Friday, September 29, 2006

g Whiz: Why it's so important to know your market

A new luxury hotel opened last fall in Galway, so we thought we'd walk out and take a peak. Our Irish friends had told us that it was worth it - kind of.

The g Hotel is the brainchild of one Philip Treacy, a Galway native and, according to the g brochure, "the world's most famous milliner." (I can't think of another milliner, famous or otherwise, so I guess we'll take their word for it.) If you've been to a W Hotel (sleek, black, moderne), well, the g is W on acid. We asked to see a room, which was no problem since there didn't seem to be very many occupied ones. You had to walk down a long, dark, winding corridor to get to the room, but it wasn't bad once we got there - stark and white but not bad. The one hint of color in the room was a hideous picture of a woman in a strange hat, which, from the brochure and public spaces seems, to be a theme. (World's most famous milliner, etc.) The picure would not have looked out of place in an ad for bachelor pad furniture during the Miami Vice era.

It was the public rooms, however, that really boggled the mind. We had lunch in a highly ornate, glaring, silver, mirror, glass, and chrome room that had as it's most singular feature a fixture made up of 100 or so large silver bulbs. Our other lunch option was a Barbie pink lounge that looked like it was designed by the makers of the Groovy Girls. (Don't know the Groovy Girls? If you do any doll-shopping and are looking to an antidote to Barbie and Bratz, check the GG's out. They're a bunch of funky, very cute, very sweet dolls with psychedelic-colored clothing and furniture.)

The most noticeable thing about the g was that it was almost empty. The fellow who showed us the room told us, rather hesitantly, that it had only been open since November, and they were getting guests via word of mouth.... Most of the people we saw appeared to be, like us, rubberneckers, or there for a function.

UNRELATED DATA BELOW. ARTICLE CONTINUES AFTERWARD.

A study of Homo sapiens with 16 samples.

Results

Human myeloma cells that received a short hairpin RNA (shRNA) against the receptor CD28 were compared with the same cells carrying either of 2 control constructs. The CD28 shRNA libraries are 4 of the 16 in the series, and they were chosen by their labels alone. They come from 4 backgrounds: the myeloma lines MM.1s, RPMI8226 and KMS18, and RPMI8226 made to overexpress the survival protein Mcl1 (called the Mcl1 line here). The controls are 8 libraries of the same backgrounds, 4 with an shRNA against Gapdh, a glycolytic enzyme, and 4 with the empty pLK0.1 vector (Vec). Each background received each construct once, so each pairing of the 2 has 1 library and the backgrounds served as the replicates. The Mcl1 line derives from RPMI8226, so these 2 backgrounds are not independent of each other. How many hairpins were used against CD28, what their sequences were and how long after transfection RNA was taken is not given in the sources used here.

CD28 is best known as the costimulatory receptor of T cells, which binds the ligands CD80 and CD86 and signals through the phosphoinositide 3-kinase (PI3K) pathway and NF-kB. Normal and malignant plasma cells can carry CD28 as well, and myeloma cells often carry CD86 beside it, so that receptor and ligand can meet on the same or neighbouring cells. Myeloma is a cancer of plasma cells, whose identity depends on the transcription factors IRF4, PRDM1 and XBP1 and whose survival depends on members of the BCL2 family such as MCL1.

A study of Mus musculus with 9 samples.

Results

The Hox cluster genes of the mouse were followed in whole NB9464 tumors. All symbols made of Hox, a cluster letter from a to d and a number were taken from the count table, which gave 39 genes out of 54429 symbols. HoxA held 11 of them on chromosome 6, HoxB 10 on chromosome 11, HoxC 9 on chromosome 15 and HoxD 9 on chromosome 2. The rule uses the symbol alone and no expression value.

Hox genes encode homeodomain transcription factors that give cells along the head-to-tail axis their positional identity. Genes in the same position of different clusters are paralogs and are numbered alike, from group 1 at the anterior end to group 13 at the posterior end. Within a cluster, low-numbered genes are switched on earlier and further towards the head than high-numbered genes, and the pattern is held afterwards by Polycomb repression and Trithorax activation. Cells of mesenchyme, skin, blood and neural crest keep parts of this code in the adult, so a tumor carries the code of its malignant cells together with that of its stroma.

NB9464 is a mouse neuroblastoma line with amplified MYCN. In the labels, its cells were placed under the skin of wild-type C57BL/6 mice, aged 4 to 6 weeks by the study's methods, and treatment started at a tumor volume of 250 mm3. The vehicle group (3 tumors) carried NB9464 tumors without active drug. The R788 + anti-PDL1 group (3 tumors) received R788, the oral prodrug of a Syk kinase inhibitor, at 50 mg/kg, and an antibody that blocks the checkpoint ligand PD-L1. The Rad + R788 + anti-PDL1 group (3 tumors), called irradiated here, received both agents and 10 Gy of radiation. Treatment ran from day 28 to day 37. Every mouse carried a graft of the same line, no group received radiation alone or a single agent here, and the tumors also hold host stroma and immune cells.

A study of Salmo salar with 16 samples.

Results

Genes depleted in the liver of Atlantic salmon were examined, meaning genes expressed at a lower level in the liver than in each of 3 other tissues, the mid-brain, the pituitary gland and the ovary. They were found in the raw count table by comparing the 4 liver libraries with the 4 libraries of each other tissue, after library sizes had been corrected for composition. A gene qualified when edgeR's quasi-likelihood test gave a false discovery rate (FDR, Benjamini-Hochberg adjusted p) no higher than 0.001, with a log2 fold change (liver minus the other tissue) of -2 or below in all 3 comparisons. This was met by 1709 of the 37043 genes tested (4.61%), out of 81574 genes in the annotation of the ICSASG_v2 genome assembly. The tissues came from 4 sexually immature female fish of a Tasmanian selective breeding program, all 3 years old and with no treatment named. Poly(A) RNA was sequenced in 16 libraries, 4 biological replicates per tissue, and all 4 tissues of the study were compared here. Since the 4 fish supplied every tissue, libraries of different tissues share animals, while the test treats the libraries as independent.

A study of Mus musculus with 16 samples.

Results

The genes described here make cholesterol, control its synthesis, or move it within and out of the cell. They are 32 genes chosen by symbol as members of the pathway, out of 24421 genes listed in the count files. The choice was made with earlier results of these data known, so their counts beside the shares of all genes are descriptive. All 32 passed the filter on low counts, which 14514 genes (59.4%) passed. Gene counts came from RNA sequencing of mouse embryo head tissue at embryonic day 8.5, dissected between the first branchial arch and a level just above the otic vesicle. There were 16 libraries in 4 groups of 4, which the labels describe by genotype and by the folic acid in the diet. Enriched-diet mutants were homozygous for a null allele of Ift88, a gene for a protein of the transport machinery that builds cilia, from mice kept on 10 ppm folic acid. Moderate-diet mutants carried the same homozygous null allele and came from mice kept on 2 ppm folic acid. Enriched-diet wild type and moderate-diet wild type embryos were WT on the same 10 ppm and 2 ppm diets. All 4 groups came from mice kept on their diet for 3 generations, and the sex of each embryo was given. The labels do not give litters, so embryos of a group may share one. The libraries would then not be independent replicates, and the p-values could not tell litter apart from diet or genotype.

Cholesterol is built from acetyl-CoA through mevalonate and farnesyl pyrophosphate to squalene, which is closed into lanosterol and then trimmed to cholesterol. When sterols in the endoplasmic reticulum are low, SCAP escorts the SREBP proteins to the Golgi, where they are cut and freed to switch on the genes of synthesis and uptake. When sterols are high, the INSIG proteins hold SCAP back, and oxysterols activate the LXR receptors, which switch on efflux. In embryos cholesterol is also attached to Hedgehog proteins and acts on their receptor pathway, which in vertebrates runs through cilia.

My overall impression was that the g would not have been out of place in Las Vegas. Or a city like New York, LA, or London - cities large enough to have critical mass for all kinds of taste. But in Galway?

Now, Galway is a very lively, bustling, interesting spot, but it's no g spot. I've been here 9 or 10 times, and the average tourist is: a) a middle aged, middle class Irish/British/Euro/American couple; b) an elderly Irish-American on a CIE tour bus wearing a just bought scally cap (himself) or a just bought Aran knit sweater (herself); c) a student or retro-hippie type who's come for the music/arts/university scene. I just don't see that a town the size of Galway - population, I'm guessing, 60-70,000 at best - can support such a non-traditional hotel with rates that start at nearly 400 Euro. (That's over $500 US.)

There's a marketing lesson here, folks. There are damned few instances of "if you build it, they will come." To some degree I sympathize with Philip Treacy, who just wanted to do something spectacular for the olde towne. Galway now has a hotel that a lot of people will want to come to gawk at once, but where I'm guessing that very few people will want to stay. Between the price and the look and feel, I'd say that this one's missed the market.